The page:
Social protection benefits accessed by only 44.1% in Southeast Asia
Efforts to bridge the digital divide and enhance social protection coverage in Southeast Asia spotlighted amid lagging global averages.
In Southeast Asia, a mere 44.1% of the population has access to at least one social protection benefit, a figure that stands in contrast to the growing emphasis many governments in the region are placing on expanding such coverage.
Markus Ruck, Social Protection Specialist at International Labour Organization Bangkok, emphasised the need for inclusive digitalization strategies to ensure equitable access to social protection.
Ruck highlighted various approaches to address the digital divide, a key barrier to accessing social protection benefits. "Investing in internet accessibility in remote areas, enhancing digital literacy, and providing user-friendly online services are crucial steps," he said.
He stressed the importance of partnerships between community organisations, private sectors, NGOs, and government bodies to reach marginalised groups effectively.
Tailoring solutions to specific needs, such as for the elderly, disabled, and low-income households, is also critical. He suggested offering services in multiple languages and establishing feedback mechanisms to refine these services continually.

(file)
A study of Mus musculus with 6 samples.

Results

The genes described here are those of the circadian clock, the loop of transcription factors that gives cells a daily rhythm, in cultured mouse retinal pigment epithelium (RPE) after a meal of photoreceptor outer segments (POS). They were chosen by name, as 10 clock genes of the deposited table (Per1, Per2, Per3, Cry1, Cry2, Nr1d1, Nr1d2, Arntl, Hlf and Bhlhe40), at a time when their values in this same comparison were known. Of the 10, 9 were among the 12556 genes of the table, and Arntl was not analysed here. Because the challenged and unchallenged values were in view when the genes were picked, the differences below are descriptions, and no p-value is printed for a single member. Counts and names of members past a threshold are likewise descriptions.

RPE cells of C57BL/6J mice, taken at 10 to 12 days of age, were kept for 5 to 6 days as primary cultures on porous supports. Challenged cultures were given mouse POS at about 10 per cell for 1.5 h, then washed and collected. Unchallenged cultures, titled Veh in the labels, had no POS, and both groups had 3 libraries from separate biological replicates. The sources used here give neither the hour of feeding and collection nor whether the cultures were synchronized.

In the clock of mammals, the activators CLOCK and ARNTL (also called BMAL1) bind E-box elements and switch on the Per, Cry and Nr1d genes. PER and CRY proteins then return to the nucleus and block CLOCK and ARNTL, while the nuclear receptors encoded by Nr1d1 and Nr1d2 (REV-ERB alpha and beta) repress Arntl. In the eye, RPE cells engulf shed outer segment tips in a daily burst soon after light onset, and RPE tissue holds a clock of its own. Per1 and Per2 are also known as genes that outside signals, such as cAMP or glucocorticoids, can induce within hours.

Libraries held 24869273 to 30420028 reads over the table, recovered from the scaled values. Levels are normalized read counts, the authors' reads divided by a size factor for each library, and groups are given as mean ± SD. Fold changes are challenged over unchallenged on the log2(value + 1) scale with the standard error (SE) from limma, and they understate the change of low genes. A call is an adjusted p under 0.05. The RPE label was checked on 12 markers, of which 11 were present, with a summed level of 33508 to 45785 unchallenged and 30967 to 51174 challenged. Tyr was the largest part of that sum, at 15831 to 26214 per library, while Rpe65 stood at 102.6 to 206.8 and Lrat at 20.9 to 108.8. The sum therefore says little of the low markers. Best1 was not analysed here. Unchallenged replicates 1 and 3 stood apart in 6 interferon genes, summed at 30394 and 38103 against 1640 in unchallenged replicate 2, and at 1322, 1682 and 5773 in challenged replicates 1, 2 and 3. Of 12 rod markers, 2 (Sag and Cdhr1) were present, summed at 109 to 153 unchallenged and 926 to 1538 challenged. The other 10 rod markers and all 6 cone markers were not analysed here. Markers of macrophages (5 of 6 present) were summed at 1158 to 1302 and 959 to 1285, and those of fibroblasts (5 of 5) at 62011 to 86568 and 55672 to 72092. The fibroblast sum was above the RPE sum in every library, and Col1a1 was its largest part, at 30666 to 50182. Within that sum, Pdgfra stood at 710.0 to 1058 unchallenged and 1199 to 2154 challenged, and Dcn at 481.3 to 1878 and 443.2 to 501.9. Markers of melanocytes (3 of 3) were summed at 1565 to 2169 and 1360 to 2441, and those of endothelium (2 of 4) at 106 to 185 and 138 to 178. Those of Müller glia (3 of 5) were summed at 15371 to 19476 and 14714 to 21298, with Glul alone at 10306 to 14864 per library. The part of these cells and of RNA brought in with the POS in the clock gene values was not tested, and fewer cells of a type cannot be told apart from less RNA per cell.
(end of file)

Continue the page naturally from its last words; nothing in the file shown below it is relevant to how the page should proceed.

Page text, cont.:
"Making digital devices and services more affordable, especially for economically disadvantaged groups, is essential," Ruck added.
Despite these efforts, the region still lags behind the global average in social protection coverage. "The region's low coverage rate reflects a historical lack of prioritisation in many governments, with an average public expenditure on social protection of only 7.5% of GDP," Ruck explained.
This figure is significantly lower than the global average of 12.9%. A contributing factor is the high percentage of informal workers in the region, accounting for 68% of the workforce, who often lack access to social protection.
"While technology is a crucial enabler, enhancing the efficiency and accessibility of social protection programs, it is not a replacement for policy," Ruck also said.
He cited that technology's strengths lie in streamlining administrative processes, reducing costs and errors in benefit delivery, and facilitating informed decision-making through continuous program monitoring.
However, Ruck cautioned against over-reliance on technology. "Not everyone has equal access to technology, which can exacerbate inequalities," he noted. He emphasised that social protection policies require a human-centred approach, considering social complexities and the need for tailored solutions. Additionally, ethical standards and data privacy are critical considerations that technology alone cannot address.